Russian President Vladimir Putin has been formally registered as a candidate in Russia's March 18 presidential election.
The Central Election Commission registered Putin on February 6, exactly two months after he announced his intention to run for a fourth term.
With high approval ratings and control over the levers of power, Putin is widely expected to win the vote.
Analysts say Putin is eager to secure the strongest possible victory with a high turnout in order to strengthen his mandate in what could be his final term.
Russia's constitution bars presidents from serving more than two consecutive terms.
Critics say Putin has rolled back democratic reforms and advances on human rights that were made after the collapse of the Soviet Union.
Detractors also say accuse the former KGB officer of implementing Soviet-style methods to suppress dissent and say he has needlessly stoked confrontation with the West.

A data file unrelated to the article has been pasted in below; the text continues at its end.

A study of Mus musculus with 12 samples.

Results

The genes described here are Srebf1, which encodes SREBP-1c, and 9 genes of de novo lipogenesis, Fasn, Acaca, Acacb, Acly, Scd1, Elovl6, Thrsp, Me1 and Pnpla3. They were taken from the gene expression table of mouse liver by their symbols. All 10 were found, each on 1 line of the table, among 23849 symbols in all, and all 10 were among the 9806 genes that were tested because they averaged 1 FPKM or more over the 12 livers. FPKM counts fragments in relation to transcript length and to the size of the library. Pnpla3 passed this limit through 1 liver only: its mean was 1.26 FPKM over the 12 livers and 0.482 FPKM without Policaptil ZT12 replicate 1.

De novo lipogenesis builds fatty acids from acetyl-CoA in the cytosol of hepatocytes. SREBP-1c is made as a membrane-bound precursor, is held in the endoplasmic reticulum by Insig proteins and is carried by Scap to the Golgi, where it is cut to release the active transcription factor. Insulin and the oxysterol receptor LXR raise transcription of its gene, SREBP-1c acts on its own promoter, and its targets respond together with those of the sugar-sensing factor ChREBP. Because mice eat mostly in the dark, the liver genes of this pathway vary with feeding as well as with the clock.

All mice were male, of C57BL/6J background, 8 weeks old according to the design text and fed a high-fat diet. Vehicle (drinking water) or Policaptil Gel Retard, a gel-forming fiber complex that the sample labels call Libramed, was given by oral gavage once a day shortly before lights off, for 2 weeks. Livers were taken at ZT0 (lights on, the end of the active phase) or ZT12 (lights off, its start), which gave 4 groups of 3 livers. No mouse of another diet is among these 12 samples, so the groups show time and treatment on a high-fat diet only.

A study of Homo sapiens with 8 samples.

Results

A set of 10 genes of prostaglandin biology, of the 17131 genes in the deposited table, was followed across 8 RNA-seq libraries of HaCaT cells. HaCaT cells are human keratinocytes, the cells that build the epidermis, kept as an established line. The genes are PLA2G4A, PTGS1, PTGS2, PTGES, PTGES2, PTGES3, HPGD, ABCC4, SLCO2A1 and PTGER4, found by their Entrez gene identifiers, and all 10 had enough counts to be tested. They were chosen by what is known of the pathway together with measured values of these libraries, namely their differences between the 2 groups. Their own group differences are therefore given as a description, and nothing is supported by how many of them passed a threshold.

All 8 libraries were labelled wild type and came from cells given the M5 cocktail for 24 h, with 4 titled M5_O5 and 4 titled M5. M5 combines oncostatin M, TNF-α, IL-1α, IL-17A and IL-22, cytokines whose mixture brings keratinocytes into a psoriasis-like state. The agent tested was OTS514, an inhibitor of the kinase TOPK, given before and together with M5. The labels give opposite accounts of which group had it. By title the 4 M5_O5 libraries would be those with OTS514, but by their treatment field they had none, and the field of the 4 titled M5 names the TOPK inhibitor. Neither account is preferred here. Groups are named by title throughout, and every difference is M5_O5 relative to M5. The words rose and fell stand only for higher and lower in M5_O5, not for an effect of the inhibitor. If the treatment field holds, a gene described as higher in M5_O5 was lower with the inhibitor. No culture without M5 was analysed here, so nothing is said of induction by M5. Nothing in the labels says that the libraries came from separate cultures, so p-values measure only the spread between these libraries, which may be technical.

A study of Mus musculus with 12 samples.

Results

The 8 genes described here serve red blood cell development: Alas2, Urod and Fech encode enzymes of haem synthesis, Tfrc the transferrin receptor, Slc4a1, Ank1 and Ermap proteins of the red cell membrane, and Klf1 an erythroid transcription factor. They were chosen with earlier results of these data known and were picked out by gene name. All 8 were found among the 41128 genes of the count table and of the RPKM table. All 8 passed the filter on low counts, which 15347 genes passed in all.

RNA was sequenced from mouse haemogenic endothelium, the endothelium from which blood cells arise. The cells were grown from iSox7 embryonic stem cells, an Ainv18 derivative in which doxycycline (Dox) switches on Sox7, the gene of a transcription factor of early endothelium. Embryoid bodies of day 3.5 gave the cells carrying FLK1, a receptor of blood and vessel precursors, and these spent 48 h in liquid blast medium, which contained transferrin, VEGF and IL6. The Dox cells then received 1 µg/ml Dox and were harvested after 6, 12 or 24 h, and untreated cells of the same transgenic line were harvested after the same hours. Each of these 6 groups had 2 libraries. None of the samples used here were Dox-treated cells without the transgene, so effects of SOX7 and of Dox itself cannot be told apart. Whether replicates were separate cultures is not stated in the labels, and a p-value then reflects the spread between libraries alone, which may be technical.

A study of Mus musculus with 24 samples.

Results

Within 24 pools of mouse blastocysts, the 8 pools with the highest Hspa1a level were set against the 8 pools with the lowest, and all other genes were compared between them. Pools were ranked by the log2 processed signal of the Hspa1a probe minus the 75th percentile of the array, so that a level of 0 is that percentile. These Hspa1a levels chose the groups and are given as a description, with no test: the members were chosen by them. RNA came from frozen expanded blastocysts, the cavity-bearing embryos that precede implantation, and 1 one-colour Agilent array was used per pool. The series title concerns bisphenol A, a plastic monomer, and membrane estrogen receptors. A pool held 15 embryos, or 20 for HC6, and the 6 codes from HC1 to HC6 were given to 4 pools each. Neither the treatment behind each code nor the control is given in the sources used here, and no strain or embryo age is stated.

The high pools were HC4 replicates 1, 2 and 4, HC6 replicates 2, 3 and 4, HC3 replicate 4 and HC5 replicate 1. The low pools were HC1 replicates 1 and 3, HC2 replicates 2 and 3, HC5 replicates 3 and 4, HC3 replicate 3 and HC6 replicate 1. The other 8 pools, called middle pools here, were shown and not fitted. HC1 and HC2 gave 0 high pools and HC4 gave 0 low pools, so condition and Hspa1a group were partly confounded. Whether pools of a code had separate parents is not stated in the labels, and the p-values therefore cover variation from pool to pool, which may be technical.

Government critics also charge that election campaigns and results are manipulated by Russian authorities.
Putin was first elected as president in March 2000 after President Boris Yeltsin stepped down on the last day of 1999 and put Putin in charge as acting president.
Putin is the third presidential candidate officially registered by the Central Election Commission. Others registered so far are the leader of the Liberal Democratic Party of Russia, Vladimir Zhirinovsky, and Communist Party nominee Pavel Grudinin.
Others who have declared their intention to run are liberal Grigory Yavlinsky, business ombudsman Boris Titov, and the journalist and TV personality Ksenia Sobchak.
Russian opposition politician Aleksei Navalny, a vocal critic of Putin, has been barred from running because of a criminal conviction that he contends was the result of fabricated evidence.
Kremlin critics say most of the other candidates are window-dressing in a vote Putin is certain to win in Russia's tightly controlled political environment.